Introducing a new “Glow” contributor, Adela Garcia Duncan, MBA. She is a former military wife and an accomplished media executive who has worked at Univision, CBS local affiliates and FOX news stations in sales and marketing.
Is this true or only patriotic propaganda?
I gave up a six-figure paying career to follow my Army husband’s career. I never dreamed I would have a problem landing another job, especially in the same industry I worked in for 13 years. Boy, was I wrong!
I applied to several companies, and I was told I was either overqualified or too new to the market. I didn’t understand then that I was divulging too much information during the interview process. These organizations located in military towns already knew what to look for and what to ask to figure out I was a military spouse. They were not willing to hire and lose me in two to three years. I knew it was illegal or inappropriate to ask personal questions such as, “Are you married?” and “Do you have children?” and “What made you move to this city?”
After my first duty station experience with my husband, I quickly learned how to prepare and walk into an interview, what to agree to say, and which questions to divert the interviewers’ attention away from.
In April 2011, the then second lady, now First Lady of the United States Jill Biden teamed up with the First Lady Michelle Obama to create the national initiative Joining Forces. It highlighted the needs of U.S. military families, especially the need to hire more military spouses. According to Deloitte, “One of the most pressing of those challenges is staggering unemployment (24%) and underemployment (31–51%) among military spouses, rates that have held for years despite hundreds of millions of dollars spent by the US Department of Defense (DoD) to address the issue and a complex network of nonprofit support.1
To add to the irony of this blog business’ in military towns were shouting they supported military spouses but didn’t. They would support military spouses if they didn’t work for them. My higher management directly told me not to hire a couple of candidates I had narrowed down from several applications at one company I worked as a manager. He had told me he searched them on Facebook and saw that they were married to military men. They did not want to waste time and money training these spouses to leave in two years. I explained they were the most qualified, but they gave me the order not to hire them.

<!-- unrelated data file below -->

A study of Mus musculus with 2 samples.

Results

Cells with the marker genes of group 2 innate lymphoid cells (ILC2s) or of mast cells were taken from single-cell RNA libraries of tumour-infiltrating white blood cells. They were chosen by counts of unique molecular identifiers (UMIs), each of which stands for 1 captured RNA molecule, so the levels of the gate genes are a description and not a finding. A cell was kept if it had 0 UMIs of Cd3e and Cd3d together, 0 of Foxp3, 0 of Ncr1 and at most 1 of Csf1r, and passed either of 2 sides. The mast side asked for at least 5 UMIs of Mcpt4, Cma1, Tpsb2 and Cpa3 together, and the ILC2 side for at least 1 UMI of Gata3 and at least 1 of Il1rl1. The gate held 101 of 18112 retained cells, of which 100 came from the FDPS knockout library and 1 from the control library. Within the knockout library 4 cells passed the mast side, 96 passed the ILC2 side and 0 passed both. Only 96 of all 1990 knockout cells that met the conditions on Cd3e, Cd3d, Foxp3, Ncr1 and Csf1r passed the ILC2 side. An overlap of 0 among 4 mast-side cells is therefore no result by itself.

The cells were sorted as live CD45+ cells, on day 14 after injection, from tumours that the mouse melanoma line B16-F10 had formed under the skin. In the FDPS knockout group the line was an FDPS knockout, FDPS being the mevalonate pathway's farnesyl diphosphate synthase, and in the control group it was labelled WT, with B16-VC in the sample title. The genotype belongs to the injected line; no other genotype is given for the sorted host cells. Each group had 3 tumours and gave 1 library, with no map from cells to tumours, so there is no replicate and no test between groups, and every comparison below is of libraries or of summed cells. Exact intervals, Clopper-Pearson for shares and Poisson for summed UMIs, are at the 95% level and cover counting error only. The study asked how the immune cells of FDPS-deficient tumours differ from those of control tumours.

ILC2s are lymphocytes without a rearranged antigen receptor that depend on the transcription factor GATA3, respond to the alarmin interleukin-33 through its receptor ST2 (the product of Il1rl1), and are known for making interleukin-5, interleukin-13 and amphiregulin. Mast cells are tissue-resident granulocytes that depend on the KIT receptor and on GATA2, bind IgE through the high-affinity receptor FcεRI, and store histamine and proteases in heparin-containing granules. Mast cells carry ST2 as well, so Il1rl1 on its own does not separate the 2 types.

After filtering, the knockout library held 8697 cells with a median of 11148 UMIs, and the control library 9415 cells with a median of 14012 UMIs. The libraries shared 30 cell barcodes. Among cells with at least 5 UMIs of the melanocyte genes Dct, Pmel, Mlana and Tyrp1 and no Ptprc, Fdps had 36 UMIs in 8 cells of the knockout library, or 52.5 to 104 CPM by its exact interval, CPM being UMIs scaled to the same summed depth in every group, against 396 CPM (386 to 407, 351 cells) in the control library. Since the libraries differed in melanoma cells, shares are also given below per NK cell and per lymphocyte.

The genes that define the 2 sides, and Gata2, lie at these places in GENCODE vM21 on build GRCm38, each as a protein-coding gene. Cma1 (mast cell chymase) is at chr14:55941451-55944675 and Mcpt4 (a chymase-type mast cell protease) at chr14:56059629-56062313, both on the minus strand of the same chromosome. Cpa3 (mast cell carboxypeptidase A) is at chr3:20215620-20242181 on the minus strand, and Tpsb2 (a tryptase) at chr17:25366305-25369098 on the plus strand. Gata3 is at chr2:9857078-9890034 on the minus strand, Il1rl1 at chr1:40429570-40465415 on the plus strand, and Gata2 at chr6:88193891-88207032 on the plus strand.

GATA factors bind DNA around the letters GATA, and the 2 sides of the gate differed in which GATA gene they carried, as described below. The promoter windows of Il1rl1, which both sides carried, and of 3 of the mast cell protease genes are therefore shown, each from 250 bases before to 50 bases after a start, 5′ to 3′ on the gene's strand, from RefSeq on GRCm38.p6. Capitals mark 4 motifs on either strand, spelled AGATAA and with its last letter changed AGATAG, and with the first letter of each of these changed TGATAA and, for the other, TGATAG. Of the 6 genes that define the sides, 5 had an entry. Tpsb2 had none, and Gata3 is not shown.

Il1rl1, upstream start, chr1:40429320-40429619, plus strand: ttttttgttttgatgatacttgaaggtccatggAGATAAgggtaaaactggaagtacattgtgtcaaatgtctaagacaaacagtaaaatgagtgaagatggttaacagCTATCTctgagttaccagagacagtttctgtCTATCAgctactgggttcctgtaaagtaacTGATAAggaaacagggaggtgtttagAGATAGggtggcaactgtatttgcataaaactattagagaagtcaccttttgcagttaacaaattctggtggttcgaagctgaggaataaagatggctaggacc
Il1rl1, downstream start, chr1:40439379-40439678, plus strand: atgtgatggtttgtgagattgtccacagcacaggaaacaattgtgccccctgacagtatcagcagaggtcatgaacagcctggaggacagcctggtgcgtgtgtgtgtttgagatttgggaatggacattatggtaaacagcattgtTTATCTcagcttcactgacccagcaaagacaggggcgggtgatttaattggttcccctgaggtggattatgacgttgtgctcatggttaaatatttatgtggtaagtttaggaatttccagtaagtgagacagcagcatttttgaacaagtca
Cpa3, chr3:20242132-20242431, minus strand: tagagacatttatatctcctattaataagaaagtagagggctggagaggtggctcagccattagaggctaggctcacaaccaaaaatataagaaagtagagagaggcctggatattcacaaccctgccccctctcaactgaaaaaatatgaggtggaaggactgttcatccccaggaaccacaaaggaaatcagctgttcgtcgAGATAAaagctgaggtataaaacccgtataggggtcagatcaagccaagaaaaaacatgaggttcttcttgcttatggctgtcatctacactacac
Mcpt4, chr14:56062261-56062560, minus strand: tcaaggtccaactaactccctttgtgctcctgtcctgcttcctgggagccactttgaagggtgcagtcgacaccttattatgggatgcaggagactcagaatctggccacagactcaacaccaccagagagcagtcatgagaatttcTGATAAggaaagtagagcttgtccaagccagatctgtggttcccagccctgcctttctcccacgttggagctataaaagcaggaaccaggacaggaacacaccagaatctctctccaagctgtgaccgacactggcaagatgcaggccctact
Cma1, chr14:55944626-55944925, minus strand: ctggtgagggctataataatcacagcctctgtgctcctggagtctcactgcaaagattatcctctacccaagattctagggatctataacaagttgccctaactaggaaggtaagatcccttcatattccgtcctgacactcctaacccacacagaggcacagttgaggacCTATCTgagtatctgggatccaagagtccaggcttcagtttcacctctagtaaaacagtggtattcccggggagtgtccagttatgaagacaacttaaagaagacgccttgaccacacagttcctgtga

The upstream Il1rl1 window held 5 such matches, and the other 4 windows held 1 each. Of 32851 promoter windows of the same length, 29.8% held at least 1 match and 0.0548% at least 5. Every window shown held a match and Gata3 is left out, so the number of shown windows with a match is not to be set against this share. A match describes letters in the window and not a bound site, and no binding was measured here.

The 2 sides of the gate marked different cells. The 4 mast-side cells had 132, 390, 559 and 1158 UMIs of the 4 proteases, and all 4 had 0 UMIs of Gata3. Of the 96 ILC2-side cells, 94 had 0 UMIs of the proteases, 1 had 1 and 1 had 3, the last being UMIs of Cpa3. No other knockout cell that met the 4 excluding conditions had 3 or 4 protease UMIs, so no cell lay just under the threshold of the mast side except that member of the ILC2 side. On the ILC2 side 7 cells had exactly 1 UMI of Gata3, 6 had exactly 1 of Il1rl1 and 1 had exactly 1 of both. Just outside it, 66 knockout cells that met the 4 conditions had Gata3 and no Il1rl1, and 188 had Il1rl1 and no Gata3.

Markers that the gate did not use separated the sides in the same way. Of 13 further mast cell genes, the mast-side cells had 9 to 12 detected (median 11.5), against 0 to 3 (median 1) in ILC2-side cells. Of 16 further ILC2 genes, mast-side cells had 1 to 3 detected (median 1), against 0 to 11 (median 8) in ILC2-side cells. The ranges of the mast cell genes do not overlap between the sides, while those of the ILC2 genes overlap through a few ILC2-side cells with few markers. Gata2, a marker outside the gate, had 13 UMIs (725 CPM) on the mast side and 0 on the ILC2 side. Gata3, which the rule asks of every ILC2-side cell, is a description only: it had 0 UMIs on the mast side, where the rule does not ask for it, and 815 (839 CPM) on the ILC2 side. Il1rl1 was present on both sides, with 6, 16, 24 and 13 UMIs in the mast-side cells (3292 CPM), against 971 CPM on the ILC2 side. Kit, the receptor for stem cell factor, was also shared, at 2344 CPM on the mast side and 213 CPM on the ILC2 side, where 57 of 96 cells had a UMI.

Here are a few things you can do not allow an employer to know if you are a military spouse.
- Do not wear your wedding band to the interview. (If you have a tan line, try t cover it up.)
- Do not divulge you are married or have any children. The interviewer(s) should not be asking these questions in the first place. Divert, and if you cannot divert, then say, “No.” You are saying, “No” to the question altogether, not lying. If you say, “I prefer not to answer these questions, they will know you are aware they crossed the line and will not hire you because they will fear retaliation to human resources or think you are saying that because you are married and have children.
- Keep your Social media private.
- When asked why you moved to this city, I answered, “I decided to relocate for career progression.”
This strategy has worked for me in the past. Many employers later admitted they didn’t realize I was married or had any children after working more than six months at that company.
If you or someone you know needs additional guidance, download the manual on employment for military spouses.